CPI Members Stand in Protest
The Communist Party of India as a part of its call to hold nation-wide protests against the central government’s apathy and negligence towards the migrant workers and poor especially in the COVID-19 days, observed a ‘Stand-in Protest’ in the national capital in front of the central party headquarters, Ajoy Bhavan, in New Delhi on May 6, 2020. Such protests were already held in most of the state centres by state party units, namely in Patna on May 1, Hyderabad and Vijayawada this week. The programme launched on May 4 will continue till the central government gives up its callous attitude towards the migrants, poor and other needy people.
CPI general secretary D. Raja who led the protest in front of Ajoy Bhavan on the critical issue of inhuman hardships heaped upon the poor and migrants said that the protest is peaceful and strictly in accordance with the norms prescribed by the government viz., wearing of masks, keeping physical distance, etc. He said we have been warning the central government on the miseries of the poor and central government’s refusal to solve them with a human touch, but all those fell on deaf ears.
D. Raja further said that the peaceful protests would continue and hoped that the government would take care not to precipitate further crisis. The migrant labourers and other poor sections have been suffering and facing unheard of hardships since the outbreak of the contagion. The party demands that they should be provided with free ration, free medicines, free masks and also free travel if they want to go back to their native places. He reminded the government that the migrant workers are an essential part of the economy.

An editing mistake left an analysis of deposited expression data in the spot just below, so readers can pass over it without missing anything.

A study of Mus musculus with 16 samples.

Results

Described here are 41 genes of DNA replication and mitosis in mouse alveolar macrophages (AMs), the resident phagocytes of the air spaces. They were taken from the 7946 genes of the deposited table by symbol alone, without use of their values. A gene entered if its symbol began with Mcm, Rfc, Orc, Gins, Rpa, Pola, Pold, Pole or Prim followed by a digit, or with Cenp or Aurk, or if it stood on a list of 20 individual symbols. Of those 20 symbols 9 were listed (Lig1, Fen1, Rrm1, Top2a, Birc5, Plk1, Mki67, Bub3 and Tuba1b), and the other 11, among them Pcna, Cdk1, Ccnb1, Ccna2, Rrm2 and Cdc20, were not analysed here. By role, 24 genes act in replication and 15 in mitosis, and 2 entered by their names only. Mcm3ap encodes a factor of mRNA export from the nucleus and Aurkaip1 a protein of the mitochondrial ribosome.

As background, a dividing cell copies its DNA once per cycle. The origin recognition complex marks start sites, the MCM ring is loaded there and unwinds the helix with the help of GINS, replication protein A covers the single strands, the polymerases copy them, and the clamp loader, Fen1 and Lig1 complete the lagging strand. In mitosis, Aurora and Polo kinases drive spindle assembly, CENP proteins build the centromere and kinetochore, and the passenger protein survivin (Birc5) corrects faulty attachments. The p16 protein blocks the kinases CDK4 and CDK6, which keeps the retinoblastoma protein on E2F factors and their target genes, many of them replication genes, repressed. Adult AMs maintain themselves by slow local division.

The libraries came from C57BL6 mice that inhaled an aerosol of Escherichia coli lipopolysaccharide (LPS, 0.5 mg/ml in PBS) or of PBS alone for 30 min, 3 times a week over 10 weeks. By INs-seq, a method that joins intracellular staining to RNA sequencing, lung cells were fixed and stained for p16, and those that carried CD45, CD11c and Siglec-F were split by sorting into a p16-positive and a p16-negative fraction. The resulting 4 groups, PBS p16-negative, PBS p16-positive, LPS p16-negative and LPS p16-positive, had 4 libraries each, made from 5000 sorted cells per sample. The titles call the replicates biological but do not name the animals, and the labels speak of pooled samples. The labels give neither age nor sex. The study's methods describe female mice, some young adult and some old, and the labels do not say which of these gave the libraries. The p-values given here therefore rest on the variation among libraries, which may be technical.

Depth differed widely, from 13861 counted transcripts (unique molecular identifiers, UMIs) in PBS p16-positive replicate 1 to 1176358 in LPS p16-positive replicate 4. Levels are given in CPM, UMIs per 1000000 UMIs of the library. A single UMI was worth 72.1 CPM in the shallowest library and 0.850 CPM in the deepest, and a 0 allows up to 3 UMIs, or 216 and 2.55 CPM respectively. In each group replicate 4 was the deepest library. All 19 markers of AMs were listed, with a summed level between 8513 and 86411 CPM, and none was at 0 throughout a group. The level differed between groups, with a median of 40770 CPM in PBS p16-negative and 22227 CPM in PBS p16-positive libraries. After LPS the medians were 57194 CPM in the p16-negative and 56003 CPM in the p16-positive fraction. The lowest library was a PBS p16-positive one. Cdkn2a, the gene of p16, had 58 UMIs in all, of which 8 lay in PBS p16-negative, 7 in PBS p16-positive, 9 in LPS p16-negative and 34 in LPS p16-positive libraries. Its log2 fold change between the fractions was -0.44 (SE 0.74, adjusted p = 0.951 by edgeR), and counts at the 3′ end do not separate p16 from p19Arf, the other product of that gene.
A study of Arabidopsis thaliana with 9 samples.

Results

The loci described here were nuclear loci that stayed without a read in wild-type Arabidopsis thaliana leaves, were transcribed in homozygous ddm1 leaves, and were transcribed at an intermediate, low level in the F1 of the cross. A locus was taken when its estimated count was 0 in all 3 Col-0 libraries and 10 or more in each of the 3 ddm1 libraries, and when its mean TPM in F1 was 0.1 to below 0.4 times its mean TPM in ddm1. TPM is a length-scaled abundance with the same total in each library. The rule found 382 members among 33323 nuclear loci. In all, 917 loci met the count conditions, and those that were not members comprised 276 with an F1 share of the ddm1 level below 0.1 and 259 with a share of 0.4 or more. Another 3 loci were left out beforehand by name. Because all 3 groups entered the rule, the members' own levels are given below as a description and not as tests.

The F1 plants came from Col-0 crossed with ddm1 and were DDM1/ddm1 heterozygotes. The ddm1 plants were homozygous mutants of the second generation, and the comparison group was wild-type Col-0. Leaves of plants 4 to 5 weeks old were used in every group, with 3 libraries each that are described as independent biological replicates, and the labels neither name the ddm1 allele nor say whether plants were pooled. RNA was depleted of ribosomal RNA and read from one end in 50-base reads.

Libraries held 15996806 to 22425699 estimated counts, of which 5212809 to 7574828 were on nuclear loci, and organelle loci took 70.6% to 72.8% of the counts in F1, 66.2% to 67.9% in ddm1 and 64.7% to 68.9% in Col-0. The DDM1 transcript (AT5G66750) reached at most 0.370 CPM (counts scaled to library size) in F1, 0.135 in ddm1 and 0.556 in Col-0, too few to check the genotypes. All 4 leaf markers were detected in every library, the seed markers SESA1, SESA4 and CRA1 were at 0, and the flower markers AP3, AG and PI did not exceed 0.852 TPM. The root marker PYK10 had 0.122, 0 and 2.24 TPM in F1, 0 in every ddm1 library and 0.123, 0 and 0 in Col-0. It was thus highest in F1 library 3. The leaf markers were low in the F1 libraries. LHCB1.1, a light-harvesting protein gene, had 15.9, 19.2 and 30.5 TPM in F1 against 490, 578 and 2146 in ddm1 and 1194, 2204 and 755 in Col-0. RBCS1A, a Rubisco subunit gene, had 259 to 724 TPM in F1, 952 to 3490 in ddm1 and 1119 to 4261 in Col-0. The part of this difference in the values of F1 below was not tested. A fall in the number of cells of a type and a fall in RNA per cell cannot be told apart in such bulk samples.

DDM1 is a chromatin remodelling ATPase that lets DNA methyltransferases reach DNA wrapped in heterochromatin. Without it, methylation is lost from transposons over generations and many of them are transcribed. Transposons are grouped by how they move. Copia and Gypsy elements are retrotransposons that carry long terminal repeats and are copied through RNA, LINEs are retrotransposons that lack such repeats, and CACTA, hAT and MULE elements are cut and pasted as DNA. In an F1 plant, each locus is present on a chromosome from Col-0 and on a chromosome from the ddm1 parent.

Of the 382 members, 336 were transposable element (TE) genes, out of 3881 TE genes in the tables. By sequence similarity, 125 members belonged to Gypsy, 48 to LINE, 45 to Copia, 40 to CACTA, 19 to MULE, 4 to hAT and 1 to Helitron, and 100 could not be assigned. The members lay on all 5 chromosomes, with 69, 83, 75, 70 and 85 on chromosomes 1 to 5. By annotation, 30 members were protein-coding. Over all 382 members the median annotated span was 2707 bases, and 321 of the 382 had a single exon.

Raja pointed out that many migrants are being forced to walk back long distances to reach their native places. There are even reports of deaths of them due to hunger, fatigue, etc. He added that there is a law — The Inter-State Migrant Workmen (Regulation of Employment and Conditions of Service) Act, 1979 enacted to regulate the condition of service of inter-state labourers in Indian Labour Law. Raja wanted the government to respect the Act and implement it without any dilution, while providing all necessary help.
The party members who joined the general secretary were holding placards and raising slogans in support of the migrant workers and other poor sections of people.